Wednesday, June 3, 2015

Ontario moves clumsily to exit public power

Writing frequently on Ontario's electricity escapades I feel obliged to put something together on the moves at Hydro One, which today hit a new stage as legislation passes to hide the operations at the company.

Ontario Liberals set to remove Hydro One oversight ahead of sell-off
Ontario Premier Kathleen Wynne is poised to pull the iron curtain over Hydro One, ensuring one of the largest privatizations in the province’s history will unfold in secret.
The Liberals’ omnibus budget bill is expected to pass a final vote in the legislature Wednesday. The legislation, which will allow the government to start selling off the Crown corporation on the stock market later this year, contains a raft of clauses that remove public oversight of the company.
The bill strips the provincial auditor-general, financial accountability officer, ombudsman and several other independent watchdogs of their right to investigate Hydro One and resolve customer complaints. It also bars freedom-of-information requests and shields Hydro One employees’ salaries from the Sunshine List...
Given the movements to hide what's going on, perhaps it's not surprising Ontario's Minister Of Energy chose to respond to one specific article on the sale - by a convicted fraudster -claiming:

Our approach will generate billions to invest in much needed infrastructure that does not come from tax increases, program cuts or borrowing. And our plan will create more than 110,00 jobs each year and help grow our economy.
He didn't quibble with the mechanics of "the approach" described by "convicted white-collar criminal" Keith M. Summers in Hydro One sell-off the ‘biggest con job I’ve ever seen:
...In March, bond investors lent Ontario money for 10 years at a rate of 2.1 per cent. Our average interest rate on all our existing debt is only 3.8 per cent (and falling).

So, we have some numbers to work with: 1) Hydro One earns $749 million. 2) The province pays, on average, a 3.8-per-cent interest rate on its outstanding debt and 3) the province can borrow new money at rates as low as 2.1 per cent for 10 years. So here’s the question: how much should we, as Ontarians, receive for selling this $749-million income stream?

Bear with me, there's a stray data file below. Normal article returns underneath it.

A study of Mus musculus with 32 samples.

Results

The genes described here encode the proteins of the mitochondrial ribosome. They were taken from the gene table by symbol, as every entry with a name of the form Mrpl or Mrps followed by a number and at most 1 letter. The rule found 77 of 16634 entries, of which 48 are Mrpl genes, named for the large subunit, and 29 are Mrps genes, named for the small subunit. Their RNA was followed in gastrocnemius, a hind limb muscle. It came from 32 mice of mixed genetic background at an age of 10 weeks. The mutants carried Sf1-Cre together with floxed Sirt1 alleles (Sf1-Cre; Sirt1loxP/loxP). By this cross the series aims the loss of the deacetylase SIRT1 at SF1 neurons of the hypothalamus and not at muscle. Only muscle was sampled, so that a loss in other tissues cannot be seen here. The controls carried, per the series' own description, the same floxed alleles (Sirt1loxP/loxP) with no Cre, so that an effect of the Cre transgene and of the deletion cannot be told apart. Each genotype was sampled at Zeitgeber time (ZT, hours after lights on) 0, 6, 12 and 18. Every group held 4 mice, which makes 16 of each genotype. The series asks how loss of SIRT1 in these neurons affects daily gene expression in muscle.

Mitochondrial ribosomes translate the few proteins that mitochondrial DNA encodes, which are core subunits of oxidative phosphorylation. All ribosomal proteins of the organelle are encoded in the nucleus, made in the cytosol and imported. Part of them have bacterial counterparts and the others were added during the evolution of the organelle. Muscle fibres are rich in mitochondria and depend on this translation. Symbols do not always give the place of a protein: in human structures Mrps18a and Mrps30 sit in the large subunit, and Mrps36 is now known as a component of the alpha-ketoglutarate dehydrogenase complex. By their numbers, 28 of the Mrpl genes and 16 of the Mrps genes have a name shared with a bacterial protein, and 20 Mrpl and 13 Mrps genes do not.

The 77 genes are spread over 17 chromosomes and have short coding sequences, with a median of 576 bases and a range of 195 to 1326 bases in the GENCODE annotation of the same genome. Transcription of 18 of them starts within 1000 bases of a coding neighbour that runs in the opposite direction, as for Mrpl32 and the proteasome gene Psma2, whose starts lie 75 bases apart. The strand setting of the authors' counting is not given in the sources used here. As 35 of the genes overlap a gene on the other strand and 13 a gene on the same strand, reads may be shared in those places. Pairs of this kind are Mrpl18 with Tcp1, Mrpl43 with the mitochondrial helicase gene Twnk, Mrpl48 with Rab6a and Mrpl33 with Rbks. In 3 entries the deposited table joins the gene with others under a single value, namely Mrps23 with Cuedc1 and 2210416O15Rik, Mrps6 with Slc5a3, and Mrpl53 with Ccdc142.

The specific valuation is not one of my primary concerns, which are regulation and government finance.

Regarding government finances, the report setting the sell-off in motion claimed there was an opportunity cost to not using the equity in Hydro One in other assets - which are claimed to be transportation infrastructure in this instance. Considering every year seems to bring cries for the province to fund the operations budget of Toronto's transit (it already funds capital expenditures), its not at all clear investing in transit with capital spending wouldn't have negative returns in requiring ongoing operational spending support.
There's an opportunity cost to selling off revenue producing assets to indefinitely inflate expenses.

Regarding regulation/oversight, I highly recommend a full reading of Brady Yauch's A broken electricity system, not a Hydro One sale, the real risk to ratepayers:
Ontario’s Auditor General and ombudsman, among other Independent Officers of the Legislative Assembly (Officers), have come out against the government’s plan to sell 60% of Hydro One to private investors, warning that it will “reduce important oversight powers.” While on first glance, the public might believe they’re on a path to being victims of a rampant, private monopoly, many of the Officers’ fears are exaggerated or misplaced.
The true problem with Ontario’s electricity sector is not whether Hydro One or other distributors are privatized; rather, it’s the political meddling, pick-the-winner policies and undermining of the sector’s regulator that have been a staple of the sector for years that have resulted in soaring rates. Without addressing those problems – which any privatization of Hydro One will not do – ratepayers will continue to see their bills soar higher.
In recent years, ratepayers haven’t been well-served under a publicly owned Hydro One and the many oversight agencies that are supposed to keep it in line...
In case it's not clear, I'm not committed to Hydro One remaining public, it's the deceit and indifference to both the law and public finance that annoys me.